Securing the Digital Frontier: Policies to Encourage Digital Privacy, Data Security, and Open-Ended Innovation



Bret Swanson | American Enterprise Institute

Key Points

  • Explosive growth of digital products and services shows that the benefits of data flows far outweigh the costs. Real anxieties about privacy and security, however, could undermine confidence in the digital marketplace if we do not update our laws, norms, institutions, and technologies.
  • Slow productivity growth in many industries stems from a lack of information intensity—too little data. Policy should encourage the use of more data, while putting consumers in control of sensitive information.
  • We need a new national law to consolidate existing industry-specific laws, prevent a patchwork of conflicting state laws, and clarify the Federal Trade Commission’s enforcement strategy for the digital age.


In a world of exploding information, privacy and security are central but vexing policy questions. How we govern the collection and use of data will affect public trust of commercial and public institutions and also help determine the rate of innovation across the economy.

Intense engagement with digital products and services, resulting in an exaflood of data usage, demonstrates that firms and consumers enthusiastically embrace the digital world. In 2018, US internet traffic reached nearly 50 exabytes per month, and in 2019, global data center traffic is expected to reach 14 zettabytes.1 Voting with their feet, consumer actions show that the benefits of these data flows far outweigh the costs.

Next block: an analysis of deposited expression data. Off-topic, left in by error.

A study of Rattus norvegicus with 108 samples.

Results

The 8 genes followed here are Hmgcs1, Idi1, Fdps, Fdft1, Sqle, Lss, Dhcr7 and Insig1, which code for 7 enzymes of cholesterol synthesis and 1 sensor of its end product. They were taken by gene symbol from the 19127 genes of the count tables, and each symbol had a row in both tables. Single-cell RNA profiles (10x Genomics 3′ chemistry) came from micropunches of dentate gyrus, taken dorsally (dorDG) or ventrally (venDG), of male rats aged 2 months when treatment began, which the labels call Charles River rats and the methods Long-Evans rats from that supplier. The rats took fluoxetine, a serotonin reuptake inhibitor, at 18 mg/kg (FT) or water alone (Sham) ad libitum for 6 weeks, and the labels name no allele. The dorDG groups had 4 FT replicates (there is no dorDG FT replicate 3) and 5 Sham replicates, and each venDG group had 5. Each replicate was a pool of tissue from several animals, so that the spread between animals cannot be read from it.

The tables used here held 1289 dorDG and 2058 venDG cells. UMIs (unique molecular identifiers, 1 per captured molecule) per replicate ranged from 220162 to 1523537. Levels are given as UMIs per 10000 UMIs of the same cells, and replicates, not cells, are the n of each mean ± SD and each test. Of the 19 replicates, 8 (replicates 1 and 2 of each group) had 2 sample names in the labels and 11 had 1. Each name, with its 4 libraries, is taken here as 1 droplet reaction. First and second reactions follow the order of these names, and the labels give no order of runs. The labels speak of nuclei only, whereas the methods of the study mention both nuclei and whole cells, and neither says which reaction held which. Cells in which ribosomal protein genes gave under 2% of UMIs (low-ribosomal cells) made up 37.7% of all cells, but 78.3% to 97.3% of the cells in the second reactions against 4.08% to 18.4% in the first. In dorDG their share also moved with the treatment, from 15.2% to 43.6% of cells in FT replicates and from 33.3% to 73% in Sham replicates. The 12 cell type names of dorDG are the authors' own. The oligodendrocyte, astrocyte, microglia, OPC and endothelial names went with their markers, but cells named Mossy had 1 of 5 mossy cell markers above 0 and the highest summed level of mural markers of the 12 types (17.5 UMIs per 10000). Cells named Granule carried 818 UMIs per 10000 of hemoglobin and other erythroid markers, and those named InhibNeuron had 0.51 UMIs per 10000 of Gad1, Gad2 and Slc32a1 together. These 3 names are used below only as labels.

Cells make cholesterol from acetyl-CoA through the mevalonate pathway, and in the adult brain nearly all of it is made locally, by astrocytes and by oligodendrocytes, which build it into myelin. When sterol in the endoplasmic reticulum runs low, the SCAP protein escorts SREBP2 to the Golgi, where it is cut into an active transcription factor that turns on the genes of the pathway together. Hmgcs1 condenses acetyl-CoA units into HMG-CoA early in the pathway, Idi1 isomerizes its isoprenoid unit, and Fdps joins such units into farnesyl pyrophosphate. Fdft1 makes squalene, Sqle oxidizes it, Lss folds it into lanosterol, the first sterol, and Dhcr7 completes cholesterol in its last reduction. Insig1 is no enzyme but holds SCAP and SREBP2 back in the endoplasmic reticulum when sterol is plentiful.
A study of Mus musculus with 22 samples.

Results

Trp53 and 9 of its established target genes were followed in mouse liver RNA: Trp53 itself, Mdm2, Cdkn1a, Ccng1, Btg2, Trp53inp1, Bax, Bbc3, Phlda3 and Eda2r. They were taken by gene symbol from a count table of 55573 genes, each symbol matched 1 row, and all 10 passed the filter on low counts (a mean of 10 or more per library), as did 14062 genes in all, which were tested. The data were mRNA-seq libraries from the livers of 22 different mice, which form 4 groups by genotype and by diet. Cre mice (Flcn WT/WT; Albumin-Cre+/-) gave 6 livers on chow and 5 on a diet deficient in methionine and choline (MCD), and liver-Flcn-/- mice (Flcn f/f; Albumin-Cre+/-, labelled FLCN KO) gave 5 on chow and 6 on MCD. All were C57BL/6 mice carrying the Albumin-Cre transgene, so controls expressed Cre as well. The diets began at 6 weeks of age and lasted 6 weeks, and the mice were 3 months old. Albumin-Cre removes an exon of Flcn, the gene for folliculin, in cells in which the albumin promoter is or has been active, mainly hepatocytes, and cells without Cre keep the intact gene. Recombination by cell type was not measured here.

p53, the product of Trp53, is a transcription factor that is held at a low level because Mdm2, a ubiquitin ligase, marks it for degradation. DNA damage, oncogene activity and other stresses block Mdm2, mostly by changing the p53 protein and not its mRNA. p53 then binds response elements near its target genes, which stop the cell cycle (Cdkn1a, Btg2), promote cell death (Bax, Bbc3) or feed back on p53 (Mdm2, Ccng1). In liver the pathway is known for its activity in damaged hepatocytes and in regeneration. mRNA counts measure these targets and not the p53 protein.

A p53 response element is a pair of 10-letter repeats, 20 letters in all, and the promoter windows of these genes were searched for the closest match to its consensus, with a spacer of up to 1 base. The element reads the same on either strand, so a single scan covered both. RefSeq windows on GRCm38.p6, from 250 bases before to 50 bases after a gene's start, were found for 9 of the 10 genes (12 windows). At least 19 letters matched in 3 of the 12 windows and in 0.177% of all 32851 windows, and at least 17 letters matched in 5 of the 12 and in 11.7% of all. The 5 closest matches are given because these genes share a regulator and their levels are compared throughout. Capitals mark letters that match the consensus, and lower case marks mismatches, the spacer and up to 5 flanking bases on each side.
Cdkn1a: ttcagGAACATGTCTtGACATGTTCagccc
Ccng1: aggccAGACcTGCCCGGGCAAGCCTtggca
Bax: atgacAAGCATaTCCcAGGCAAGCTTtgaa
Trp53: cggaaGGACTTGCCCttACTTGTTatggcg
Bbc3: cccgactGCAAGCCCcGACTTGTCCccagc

At the same time, high-profile data breaches, surprisingly intrusive web tracking, and the confusing nature of social interactions in a hyper-transparent world have caused anxiety—for consumers seeking reassurance, for businesses seeking guidance, and for policymakers seeking the right legal balance.

As information continues to diffuse across the economy and culture, digital privacy and security questions are likely to grow in dimension and intensity. Successful economies and cultures are built on trust. If consumers lose trust in the firms offering them products and services, or in the government’s basic protections, the health of the digital economy and our civic culture could deteriorate.

Current laws, written for siloed industries in a pre-digital era, are likely not up to the task. In a world of extreme data abundance and dynamic cross-industry and cross-border data flows, we may need a new privacy law to protect consumers and encourage open-ended innovation. Privacy is a slippery concept, and it is therefore important to set expectations by defining an analytical framework. Bolstering the approach of the Federal Trade Commission (FTC), which focuses on consumer welfare and rigorous analysis of costs and benefits, is a good place to start.

Laws and regulations, however, cannot solve every problem. Evolving social norms, more robust institutions, and new privacy-promoting technologies will play central roles.


[To read the original column, click here.]